CHAPTER XI. "I've seen nothing" - A disappointment - Incongruities - Hotel gaieties and "doing Niagara" - Irish drosky-drivers - "The Hell of Waters" - Beauties of Niagara - The picnic party - The White Canoe - A cold shower-bath - "The Thunder of Waters"
The feelings which Mrs. Hemans had attributed to Bruce at the source of the Nile, were mine as I took my first view of Niagara. The Horse-shoe Fall at some distance to my right was partially hidden, but directly in front of me were the American and Crescent Falls. The former is perfectly straight, and looked like a gigantic mill-weir. This resemblance is further heightened by an enormous wooden many-windowed fabric, said to be the largest paper-mill in the United States. A whole collection of mills disfigures this romantic spot, which has received the name of Manchester, and bids fair to become a thriving manufacturing town! Even on the British side, where one would have hoped for a better state of things, there is a great fungus growth of museums, curiosity-shops, taverns, and pagodas with shining tin cupolas. Not far from where I stood, the members of a picnic party were flirting and laughing hilariously, throwing chicken-bones and peach-stones over the cliff, drinking champagne and soda-water. Just as I had succeeded in attaining the proper degree of mental abstraction with which it is necessary to contemplate Niagara, a ragged drosky-driver came up, "Yer honour, may be ye're in want of a carriage? I'll take ye the whole round - Goat Island, Whirlpool, and Deil's Hole - for the matter of four dollars." Niagara made a matter of "a round," dollars, and cents, was too much for my equanimity; and in the hope of losing my feelings of disappointment, I went into the Clifton House, enduring a whole volley of requests from the half-tipsy drosky-drivers who thronged the doorway.
This celebrated hotel, which is kept on the American plan, is a huge white block of building, with three green verandahs round it, and can accommodate about four hundred people. In the summer season it is the abode of almost unparalleled gaiety. Here congregate tourists, merchants, lawyers, officers, senators, wealthy southerners, and sallow down-easters, all flying alike from business and heat. Here meet all ranks, those of the highest character, and those who have no character to lose; those who by some fortunate accident have become possessed of a few dollars, and those whose mine of wealth lies in the gambling-house - all for the time being on terms of perfect equality. Balls, in doors and out of doors, nightly succeed to parties and picnics; the most novel of which are those in the beautiful garden in front of the hotel. This garden has spacious lawns lighted by lamps; and here, as in the 'Midsummer Night's Dream,' the visitors dance on summer evenings to the strains of invisible music. But at the time of my second visit to the Falls all the gaiety was over; the men of business had returned to the cities, the southerners had fled to their sunny homes - part of the house was shut up, and in the great dining-room, with tables for three hundred, we sat down to lunch with about twenty-five persons, most of them Americans and Germans of the most repulsive description. After this meal, eaten in the "five minutes all aboard" style, we started on a sight-seeing expedition. Instead of being allowed to sit quietly on Table Rock, gazing upon the cataract, the visitor, yielding to the demands of a supposed necessity, is dragged a weary round - he must see the Falls from the front, from above, and from below; he must go behind them, and be drenched by them; he must descend spiral staircases at the risk of his limbs, and cross ferries at that of his life; he must visit Bloody Run, the Burning Springs, and Indian curiosity-shops, which have nothing to do with them at all; and when the poor wretch is thoroughly bewildered and wearied by "doing Niagara," he is allowed to steal quietly off to what he really came to see - the mighty Horse-shoe Fall, with all its accompaniments of majesty, sublimity, and terror.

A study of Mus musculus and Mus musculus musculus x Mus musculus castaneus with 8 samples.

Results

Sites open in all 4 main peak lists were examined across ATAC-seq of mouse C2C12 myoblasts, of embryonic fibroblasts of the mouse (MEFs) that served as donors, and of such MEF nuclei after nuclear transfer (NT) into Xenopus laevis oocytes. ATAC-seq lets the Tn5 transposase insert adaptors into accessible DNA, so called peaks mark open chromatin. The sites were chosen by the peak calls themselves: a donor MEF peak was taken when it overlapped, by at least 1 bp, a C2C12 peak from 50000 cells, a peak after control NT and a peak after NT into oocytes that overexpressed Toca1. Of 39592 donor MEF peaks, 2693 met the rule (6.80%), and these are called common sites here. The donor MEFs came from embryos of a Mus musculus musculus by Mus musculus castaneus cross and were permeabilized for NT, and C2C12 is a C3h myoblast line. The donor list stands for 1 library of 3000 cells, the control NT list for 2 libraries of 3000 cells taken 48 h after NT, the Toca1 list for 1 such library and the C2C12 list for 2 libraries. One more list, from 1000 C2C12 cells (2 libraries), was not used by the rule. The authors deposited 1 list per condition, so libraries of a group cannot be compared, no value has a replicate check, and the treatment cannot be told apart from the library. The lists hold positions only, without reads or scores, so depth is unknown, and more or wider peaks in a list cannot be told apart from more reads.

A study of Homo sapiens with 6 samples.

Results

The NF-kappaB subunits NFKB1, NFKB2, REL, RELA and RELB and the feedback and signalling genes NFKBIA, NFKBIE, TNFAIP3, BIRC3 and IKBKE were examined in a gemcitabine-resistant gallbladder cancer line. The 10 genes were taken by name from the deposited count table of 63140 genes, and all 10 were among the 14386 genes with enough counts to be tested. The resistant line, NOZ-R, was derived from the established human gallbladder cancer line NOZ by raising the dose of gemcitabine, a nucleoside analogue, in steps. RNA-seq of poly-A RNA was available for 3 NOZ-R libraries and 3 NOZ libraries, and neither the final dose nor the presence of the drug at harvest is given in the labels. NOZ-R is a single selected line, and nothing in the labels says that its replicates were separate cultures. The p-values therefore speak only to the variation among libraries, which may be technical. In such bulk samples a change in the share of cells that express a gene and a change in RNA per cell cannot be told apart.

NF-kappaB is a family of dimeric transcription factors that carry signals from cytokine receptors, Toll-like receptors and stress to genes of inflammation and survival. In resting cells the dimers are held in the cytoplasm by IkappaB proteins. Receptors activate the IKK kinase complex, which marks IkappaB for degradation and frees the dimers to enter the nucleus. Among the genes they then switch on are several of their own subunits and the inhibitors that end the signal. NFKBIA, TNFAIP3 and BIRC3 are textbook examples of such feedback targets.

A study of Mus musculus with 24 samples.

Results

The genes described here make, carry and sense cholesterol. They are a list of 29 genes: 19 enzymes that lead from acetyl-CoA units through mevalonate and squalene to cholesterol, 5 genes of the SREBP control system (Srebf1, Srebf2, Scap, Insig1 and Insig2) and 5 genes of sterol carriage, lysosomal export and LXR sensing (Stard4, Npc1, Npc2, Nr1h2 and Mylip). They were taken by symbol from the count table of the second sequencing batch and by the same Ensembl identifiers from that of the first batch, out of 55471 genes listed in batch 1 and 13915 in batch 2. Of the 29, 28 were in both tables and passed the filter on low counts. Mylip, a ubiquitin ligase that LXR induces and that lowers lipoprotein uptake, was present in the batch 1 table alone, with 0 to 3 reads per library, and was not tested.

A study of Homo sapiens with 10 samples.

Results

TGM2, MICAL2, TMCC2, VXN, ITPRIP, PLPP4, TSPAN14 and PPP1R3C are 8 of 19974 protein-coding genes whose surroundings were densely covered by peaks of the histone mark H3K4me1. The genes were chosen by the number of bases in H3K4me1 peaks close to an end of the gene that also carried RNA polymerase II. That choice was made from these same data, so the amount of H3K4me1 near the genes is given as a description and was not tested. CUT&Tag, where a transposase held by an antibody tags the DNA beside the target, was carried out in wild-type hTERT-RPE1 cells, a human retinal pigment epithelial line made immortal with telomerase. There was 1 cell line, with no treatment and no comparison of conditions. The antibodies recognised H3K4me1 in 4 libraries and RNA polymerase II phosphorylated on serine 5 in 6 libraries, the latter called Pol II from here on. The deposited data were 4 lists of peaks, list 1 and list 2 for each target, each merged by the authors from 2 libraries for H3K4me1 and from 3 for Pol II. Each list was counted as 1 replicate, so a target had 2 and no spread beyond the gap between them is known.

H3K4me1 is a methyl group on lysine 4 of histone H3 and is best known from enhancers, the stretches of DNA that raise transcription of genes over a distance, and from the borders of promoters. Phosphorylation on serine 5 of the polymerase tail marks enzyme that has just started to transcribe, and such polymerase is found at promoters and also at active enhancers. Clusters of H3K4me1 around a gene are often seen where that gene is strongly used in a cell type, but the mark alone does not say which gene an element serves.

Round the door of the Clifton House were about twenty ragged, vociferous drosky-drivers, of most demoralised appearance, all clamorous for "a fare." "We want to go to Goat Island; how much is it?" "Five dollars." "I'll take you for four dollars and a half." "No, sir, he's a cheat and a blackguard; I'll take you for four." "I'll take you as cheap as any one," shouts a man in rags; "I'll take you for three." "Very well." "I'll take you as cheap as he; he's drunk, and his carriage isn't fit for a lady to step into," shouted the man who at first asked five dollars. After this they commenced a regular melee, when blows were given and received, and frequent allusions were made to "the bones of St. Patrick." At last our friend in rags succeeded in driving up to the door, and we found his carriage really unfit for ladies, as the stuffing in most places was quite bare, and the step and splash-boards were only kept in their places by pieces of rope. The shouting and squabbling were accompanied by Niagara, whose deep awful thundering bass drowns all other sounds.